Business Today

Time is money

Quick returns from trading coal on the commodity exchange have made the difference.
twitter-logo Mahesh Nayak        Print Edition: April 28, 2013

It had never been done before. In 2011, Aastha Minmet India Ltd (AMIL), formerly a steel trading company, moved into coal, buying it from overseas. But instead of hunting for buyers, it began - for the first time in India - trading it on the commodity exchange.

This gave it an immense advantage. Coal buyers are allowed 90 to 120 days to make payment after receiving their supplies, but by using the exchange, AMIL was able to get payment within 10 to 15 days.

This left AMIL another 75 to 105 days to pay its own suppliers, so it used the money instead to buy more coal and trade that as well on the exchange. Starting with 20,000 tonnes of coal in 2011/12, mainly from Indonesia, AMIL now imports a million tonnes. "This year (2013/14) we plan to import three million tonnes of coal," says Mohit Aggarwal, Chairman and Managing Director, AMIL.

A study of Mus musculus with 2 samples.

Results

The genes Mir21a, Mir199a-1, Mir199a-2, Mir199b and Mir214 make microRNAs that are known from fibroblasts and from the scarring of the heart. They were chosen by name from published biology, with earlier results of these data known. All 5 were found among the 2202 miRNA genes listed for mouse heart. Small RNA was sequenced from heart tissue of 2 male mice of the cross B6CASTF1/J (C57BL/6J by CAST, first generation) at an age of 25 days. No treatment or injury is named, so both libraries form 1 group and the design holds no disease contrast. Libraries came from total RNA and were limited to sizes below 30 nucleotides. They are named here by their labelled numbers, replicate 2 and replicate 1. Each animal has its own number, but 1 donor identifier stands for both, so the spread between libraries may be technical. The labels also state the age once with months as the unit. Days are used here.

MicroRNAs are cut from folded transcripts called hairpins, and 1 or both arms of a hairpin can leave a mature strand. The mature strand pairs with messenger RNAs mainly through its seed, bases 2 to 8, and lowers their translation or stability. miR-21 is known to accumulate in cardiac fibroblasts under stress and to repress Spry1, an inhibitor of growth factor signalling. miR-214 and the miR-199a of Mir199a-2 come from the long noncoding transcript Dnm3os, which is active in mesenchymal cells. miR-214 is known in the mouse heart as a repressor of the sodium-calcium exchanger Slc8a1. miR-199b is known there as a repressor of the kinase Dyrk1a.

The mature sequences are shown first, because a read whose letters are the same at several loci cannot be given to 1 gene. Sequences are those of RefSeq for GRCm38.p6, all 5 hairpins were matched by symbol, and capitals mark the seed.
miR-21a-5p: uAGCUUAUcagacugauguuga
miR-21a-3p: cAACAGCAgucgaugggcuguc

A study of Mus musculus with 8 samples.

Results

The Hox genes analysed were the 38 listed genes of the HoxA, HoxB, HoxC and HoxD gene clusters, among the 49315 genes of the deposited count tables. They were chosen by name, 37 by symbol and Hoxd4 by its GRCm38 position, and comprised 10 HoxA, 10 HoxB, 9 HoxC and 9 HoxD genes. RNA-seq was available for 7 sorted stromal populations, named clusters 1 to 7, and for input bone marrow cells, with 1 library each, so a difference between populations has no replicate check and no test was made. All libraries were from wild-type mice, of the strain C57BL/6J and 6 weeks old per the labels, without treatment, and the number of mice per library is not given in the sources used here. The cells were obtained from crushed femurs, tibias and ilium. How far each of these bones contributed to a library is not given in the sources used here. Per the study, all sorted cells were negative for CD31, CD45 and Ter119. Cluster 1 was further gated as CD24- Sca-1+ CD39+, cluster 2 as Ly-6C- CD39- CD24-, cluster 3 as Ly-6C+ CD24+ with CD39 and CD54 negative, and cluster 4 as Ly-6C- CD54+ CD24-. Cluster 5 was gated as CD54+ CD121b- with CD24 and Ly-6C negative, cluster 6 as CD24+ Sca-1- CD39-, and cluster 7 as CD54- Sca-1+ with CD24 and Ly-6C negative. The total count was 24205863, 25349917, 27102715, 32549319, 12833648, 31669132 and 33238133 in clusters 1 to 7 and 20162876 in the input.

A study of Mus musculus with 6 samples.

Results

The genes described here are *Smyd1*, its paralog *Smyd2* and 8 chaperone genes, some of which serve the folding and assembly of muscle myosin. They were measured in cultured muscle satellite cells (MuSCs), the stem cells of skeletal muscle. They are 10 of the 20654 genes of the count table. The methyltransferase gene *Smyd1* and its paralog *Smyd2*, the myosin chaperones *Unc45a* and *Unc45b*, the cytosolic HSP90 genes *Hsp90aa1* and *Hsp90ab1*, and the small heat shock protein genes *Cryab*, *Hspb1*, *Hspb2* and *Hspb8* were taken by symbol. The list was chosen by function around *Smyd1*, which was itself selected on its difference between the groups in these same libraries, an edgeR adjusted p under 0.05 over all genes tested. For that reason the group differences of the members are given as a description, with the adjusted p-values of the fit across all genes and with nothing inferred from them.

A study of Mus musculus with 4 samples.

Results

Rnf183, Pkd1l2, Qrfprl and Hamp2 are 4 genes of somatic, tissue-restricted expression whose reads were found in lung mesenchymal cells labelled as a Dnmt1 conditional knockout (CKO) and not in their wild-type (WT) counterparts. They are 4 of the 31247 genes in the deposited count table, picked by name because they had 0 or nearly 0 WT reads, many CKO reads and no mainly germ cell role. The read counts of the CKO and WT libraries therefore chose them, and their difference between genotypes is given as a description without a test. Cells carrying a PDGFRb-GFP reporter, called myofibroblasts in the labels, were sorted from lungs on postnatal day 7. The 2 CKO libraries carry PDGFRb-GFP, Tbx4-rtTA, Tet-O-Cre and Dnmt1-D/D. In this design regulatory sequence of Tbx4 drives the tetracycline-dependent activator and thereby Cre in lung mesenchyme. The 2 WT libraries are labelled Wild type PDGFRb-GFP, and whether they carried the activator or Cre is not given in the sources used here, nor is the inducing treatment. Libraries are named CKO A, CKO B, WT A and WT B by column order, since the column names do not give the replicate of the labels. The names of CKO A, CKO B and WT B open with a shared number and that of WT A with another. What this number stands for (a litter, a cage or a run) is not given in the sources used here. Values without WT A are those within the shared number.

AMIL had revenues of Rs 165 crore in 2011/12, but Aggarwal estimates it has grown to Rs 700 crore in 2012/13. Margins in the coal business are small. AMIL sells coal at an average of $50 per tonne, while its overall landed cost in getting the coal to India is around $48. "We play on $1.5-2 per tonne," he says.

Aggarwal is considering going in for an initial public offering soon to raise around Rs 42 crore. "The money will help us buy stakes in existing and operating coal mines," he adds.

"We plan to sell coal to small power companies whose projects have stalled due to non-availability of coal and in return get power which we will trade on the power exchange."